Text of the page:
According to Motherboard, Facebook approached the NSO Group to try and buy a tool that would let them better spy on a specific subset of their users. Because of course they did.

This all from court documents revealed as part of Facebook’s ongoing lawsuit against NSO for helping governments hack WhatsApp, which Facebook owns.

Facebook, as everyone knows, is the behemoth social network that’s been accused of a series of reprehensible privacy and decency violations against its users.

The NSO Group is the hugely controversial supplier of spyware like Pegasus and hacking tools to nation-states, among others.

The subset of users Facebook reportedly wanted to target was us, iPhone users.

Now, Facebook apparently didn’t actually want Pegasus proper, which is used to remotely infect and spy on phones. They wanted Pegasus technology to make their own, existing Facebook spyware better.

See, in a previous scandal — it’s legit hard to keep up — Facebook was accused of pushing a VPN app named Onavo Protect on their users without properly disclosing that Facebook owned it and was using it to harvest our behavioral data to monetize, and to target competition.

You know that old cliche that big internet companies don’t sell our data because it’s too valuable? Yeah, Cambridge Analytica proved they do indeed sell our data because metastasizing is even more valuable.

Now, Facebook was eventually forced to pull the VPN from the App Store and Google Play Store, and sunset it.

But, like any vampire, it’s blood sucking continued. Techcrunch reported that Facebook had rebranded Onavo Protect as Research, used its massive advertising engine to target desirable demographics, including teen agers, offered them $20 for participating, and then abused Apple’s enterprise distribution system to infect their iPhones with it.

And yeah, that’s how valuable our data is to them. Block them from offering free services to get it and they’ll become desperate enough to pay for it. Topic for a future video.

But, according to Motherboard’s report, even after all that, Facebook still couldn’t harvest as much data from iPhone users as they could from Android users, and so wanted the Pegasus parts to make sure we were all being equally violated.

Now, Facebook says NSO is misrepresenting all this to try and distract from the lawsuit. But, Facebook doesn’t refute the claim in any other way. No denial, no context, no explanation.

And here’s a little secret decoder ring for corporate PR: If a company is in the right, they’ll usually hold their ground and say so in simple, plain language. If they’re on shaky ground, they’ll try to angle and change the point of discussion. If they done wrong, they’ll flail about in a desperate attempt to distract from the topic.

NSO Group just said they only sell to government agencies and law enforcement, so they talk-to-the-handed Facebook and wouldn’t comment further.

In terms of reactions so far, there haven’t been many. At least not that I can find. It’s up on TechMeme but, Apple site’s aside, almost none of the major tech sites have covered it, and I haven’t seen it talked about in my Twitter feed either.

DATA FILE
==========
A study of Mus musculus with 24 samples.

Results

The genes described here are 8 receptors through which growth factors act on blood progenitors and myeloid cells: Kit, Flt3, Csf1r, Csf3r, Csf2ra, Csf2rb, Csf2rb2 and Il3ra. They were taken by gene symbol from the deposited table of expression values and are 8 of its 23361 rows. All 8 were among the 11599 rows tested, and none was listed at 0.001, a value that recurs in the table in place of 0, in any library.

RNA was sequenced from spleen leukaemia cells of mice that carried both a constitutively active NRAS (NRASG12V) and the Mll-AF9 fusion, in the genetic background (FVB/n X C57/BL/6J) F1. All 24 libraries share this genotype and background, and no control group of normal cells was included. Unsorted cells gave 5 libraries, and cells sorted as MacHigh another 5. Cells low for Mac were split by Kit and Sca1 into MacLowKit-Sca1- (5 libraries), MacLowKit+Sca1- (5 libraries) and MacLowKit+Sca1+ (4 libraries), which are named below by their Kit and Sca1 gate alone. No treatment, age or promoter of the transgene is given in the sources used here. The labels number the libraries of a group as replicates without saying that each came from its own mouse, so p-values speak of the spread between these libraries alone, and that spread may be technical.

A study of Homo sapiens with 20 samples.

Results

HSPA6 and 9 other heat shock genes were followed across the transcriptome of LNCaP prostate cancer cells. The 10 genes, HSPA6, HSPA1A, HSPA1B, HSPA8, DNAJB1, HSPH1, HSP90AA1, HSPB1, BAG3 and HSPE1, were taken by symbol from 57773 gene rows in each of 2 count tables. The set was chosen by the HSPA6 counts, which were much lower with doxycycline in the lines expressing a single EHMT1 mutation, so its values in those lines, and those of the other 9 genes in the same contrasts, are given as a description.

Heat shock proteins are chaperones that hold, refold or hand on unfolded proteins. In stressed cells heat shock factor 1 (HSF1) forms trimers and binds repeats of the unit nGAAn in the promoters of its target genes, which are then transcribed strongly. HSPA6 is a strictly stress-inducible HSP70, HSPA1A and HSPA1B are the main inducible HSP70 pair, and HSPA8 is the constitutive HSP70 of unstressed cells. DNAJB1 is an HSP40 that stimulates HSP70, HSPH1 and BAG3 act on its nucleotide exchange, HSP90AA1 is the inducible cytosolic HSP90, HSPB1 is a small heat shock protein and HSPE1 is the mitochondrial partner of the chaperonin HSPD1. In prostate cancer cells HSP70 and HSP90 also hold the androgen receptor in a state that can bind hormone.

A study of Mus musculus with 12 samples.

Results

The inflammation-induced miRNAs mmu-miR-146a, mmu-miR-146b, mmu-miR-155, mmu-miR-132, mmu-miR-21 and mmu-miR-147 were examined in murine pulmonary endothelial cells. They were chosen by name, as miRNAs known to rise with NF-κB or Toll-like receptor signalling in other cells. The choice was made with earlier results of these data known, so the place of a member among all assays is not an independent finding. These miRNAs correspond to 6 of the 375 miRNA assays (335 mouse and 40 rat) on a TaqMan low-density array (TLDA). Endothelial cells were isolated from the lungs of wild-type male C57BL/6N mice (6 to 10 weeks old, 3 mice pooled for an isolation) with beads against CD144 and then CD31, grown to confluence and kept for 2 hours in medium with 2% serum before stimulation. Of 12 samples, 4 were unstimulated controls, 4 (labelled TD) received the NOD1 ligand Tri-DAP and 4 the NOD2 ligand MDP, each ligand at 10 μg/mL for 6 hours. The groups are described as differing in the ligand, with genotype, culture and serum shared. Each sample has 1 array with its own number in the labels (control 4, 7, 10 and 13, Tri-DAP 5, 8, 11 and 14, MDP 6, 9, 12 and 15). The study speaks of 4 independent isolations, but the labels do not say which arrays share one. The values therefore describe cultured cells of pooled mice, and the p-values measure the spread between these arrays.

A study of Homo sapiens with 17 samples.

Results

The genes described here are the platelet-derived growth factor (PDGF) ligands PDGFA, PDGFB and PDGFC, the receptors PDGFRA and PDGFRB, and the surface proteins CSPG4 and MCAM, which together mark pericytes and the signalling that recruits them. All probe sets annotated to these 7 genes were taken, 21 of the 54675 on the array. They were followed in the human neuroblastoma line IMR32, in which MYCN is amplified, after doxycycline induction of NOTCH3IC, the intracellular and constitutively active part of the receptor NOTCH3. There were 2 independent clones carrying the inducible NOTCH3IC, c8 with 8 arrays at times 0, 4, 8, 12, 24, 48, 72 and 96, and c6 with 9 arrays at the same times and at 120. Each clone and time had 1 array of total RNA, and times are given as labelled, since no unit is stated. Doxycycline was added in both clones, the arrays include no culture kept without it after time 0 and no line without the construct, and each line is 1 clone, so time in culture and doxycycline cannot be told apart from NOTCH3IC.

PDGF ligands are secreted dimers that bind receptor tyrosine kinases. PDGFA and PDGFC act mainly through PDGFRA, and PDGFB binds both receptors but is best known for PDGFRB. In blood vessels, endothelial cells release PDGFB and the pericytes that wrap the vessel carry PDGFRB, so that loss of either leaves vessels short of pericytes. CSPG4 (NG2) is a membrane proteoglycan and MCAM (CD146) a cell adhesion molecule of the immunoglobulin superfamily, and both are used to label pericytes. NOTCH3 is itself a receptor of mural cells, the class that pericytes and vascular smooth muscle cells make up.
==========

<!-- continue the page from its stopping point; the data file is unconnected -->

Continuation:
The big exception is John Gruber from Daring Fireball, who repeated what he’s said before:

Facebook is a criminal enterprise.

Ryan Mac from Buzzfeed tweeted a reminder to whatever the NSO says with 10 lbs of salt, but that it was an incredible accusation in a formal court filing.

A New York Times reported tweeted that it was very disturbing if true, but that tweet seems to have been deleted.

So, it’s possible that reporters just don’t think there’s any there here, that commenters see it as two controversial companies just going at it, or that people are just busy with other stuff during all this shelter-in-place.

It’s the latter possibility that concerns me, though.

We’ve seen with Zoom, which has become massively popular thanks to social distancing, that people have been willing to put longer range concerns about privacy and security on hold for the immediate convenience of social connection.

Zoom has a history of, at best, playing fast and loose with security and privacy, and at worst having a reckless, borderline malicious disregard for it. Everything from secretly installing servers on the Mac to secretly channeling data to Facebook to secretly routing data through China, to failing to provide basic safeguards for users.

It’s a chilling mess that I would never use or recommend using during normal times, but that the people I care about and want to stay connected with are using right now.

Facebook is the same. I deleted almost all my data and stopped logging into the blue app following Cambridge Analytica, but now I’m worried about family and friends for whom Facebook is effectively the Internet. And, of course, I never stopped using Instagram, because Insta.

Walt Mossberg, who pretty much invented personal technology journalism, expressed just exactly that a couple weeks ago.

The deal with the devil that I’ve made for myself is that I won’t actively use Zoom or Facebook but if the people I care about reach out to connect through them, I’ll respond.

But I’m terrified that if I sacrifice privacy and security in the name of convenience and connection, I’ll end up with none of it.